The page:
Markets Explained

Understanding “Call” and Refunding Risk


One of the most difficult risks for investors to understand is that posed by “call” and refunding provisions. If the bond’s indenture (the legal document that spells out its terms and conditions) contains a “call” provision, the issuer retains the right to retire (that is, redeem) the debt, fully or partially, before the scheduled maturity date. For the issuer, the chief benefit of such a feature is that it permits the issuer to replace outstanding debt with a lower-interest-cost new issue.

A call feature creates uncertainty as to whether the bond will remain outstanding until its maturity date. Investors risk losing a bond paying a higher rate of interest when rates have declined and issuers decide to call in their bonds. When a bond is called, the investor must usually reinvest in securities with lower yields. Calls also tend to limit the appreciation in a bond’s price that could be expected when interest rates start to slip.

Because a call feature puts the investor at a disadvantage, callable bonds carry higher yields than noncallable bonds, but higher yield alone is often not enough to induce investors to buy them. As further inducement, the issuer often sets the call price (the price investors must be paid if their bonds are called) higher than the principal (face) value of the issue. The difference between the call price and principal is the call premium.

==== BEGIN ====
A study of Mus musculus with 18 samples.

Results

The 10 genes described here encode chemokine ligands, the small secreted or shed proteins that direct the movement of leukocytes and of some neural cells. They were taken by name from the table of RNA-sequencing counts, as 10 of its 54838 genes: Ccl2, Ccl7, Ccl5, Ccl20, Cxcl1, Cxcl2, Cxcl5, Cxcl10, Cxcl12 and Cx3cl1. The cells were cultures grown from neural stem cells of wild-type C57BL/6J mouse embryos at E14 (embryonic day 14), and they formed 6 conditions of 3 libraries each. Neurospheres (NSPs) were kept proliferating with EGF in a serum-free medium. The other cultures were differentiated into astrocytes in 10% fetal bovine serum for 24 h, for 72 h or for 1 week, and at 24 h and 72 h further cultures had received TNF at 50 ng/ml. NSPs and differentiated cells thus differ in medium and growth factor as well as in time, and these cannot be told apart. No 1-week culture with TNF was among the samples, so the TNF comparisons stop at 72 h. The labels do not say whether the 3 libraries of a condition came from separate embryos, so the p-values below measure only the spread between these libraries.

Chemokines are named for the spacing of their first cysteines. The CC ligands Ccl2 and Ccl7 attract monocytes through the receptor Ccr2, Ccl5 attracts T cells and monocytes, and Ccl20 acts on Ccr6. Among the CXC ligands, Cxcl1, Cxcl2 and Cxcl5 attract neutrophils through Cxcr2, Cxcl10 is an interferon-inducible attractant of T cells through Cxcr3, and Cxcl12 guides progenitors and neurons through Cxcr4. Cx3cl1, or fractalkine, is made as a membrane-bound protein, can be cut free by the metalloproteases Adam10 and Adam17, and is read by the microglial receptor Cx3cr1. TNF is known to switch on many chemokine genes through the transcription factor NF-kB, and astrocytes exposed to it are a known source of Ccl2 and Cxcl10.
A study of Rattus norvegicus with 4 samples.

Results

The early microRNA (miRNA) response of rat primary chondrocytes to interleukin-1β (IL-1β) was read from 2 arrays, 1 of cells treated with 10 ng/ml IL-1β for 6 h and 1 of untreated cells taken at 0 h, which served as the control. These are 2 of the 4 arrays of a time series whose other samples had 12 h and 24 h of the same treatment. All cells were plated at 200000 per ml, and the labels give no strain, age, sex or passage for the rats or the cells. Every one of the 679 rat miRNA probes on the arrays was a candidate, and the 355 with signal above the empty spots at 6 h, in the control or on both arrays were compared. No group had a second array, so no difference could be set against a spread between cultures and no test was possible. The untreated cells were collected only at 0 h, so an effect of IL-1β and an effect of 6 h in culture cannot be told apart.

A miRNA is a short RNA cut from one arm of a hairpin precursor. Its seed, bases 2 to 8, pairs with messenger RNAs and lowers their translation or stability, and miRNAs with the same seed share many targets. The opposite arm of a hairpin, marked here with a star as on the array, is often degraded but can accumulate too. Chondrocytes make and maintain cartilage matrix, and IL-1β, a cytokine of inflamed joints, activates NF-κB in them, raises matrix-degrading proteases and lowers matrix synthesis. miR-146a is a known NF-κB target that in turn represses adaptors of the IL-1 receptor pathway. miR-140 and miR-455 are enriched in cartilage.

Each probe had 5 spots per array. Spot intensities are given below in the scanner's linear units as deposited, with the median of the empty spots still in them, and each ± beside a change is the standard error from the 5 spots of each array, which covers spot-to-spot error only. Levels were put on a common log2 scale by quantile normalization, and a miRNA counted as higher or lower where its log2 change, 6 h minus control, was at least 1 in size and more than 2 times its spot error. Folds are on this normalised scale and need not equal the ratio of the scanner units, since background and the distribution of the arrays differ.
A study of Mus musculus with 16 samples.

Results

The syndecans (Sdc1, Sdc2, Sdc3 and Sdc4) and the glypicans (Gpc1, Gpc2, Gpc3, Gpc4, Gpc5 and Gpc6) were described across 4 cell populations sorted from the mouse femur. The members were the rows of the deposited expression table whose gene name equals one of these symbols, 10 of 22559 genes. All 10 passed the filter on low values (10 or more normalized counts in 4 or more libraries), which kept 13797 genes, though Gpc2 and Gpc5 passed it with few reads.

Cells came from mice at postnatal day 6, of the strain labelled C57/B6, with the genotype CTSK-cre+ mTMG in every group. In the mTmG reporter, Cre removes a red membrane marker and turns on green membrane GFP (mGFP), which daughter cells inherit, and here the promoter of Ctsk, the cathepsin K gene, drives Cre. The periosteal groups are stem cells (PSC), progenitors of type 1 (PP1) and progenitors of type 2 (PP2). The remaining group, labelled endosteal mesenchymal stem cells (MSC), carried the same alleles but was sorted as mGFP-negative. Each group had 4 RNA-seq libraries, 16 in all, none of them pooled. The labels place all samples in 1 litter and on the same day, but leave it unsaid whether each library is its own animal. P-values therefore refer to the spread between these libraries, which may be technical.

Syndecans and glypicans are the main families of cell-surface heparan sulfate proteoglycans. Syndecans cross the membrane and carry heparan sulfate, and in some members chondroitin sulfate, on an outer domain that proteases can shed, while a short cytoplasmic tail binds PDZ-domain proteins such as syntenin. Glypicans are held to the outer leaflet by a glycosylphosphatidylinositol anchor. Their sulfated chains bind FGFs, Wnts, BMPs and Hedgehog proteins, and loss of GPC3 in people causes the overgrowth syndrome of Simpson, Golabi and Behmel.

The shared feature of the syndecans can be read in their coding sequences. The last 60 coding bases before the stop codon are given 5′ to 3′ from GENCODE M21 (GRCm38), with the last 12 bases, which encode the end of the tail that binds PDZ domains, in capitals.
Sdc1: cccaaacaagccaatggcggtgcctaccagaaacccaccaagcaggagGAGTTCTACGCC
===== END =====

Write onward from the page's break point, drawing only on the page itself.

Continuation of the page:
Generally, bondholders do have some protection against calls. An example would be a bond that has a 15-year final maturity, noncall two years. This means the investor is protected from a call for two years, after which time the issuer has the right to call the bonds.


A sinking fund is money taken from a corporation’s earnings that is used to redeem bonds periodically, before maturity, as specified in the indenture. If a bond issue has a sinking-fund provision, a certain portion of the issue must be retired each year. The bonds retired are usually selected by lottery.

One investor benefit of a sinking fund is that it lowers the risk of default by reducing the amount of the corporation’s outstanding debt over time. Another is that the fund provides price support to the issue, particularly in a period of rising interest rates. However, the disadvantage—which usually weighs more heavily on investors’ minds, especially in a falling-rate environment—is that bondholders may receive a sinking-fund call at a price (often par) that may be lower than the current market price of the bonds.


Bond investors should be aware of the possibility of certain other kinds of calls. Some bonds, especially utility securities, may be called under what are known as Maintenance and Replacement fund provisions (which relate to upgrading plant and equipment). Others may be called under Release and Substitution clauses (which are designed to maintain the integrity of assets pledged as collateral for some bonds) and Eminent Domain clauses (which have to do with paying off bonds when a governmental body confiscates or otherwise takes assets of the issuer). Ask about these and any other special redemption provisions that may apply to bonds you are considering.

You can avoid the complications and uncertainties of calls altogether by buying only noncallable bonds without sinking-fund provisions. If you do buy a callable bond and it is called, be aware that its actual yield will be different than the yield to maturity you were quoted. So ask your financial consultant to tell you what the yield to call is as well.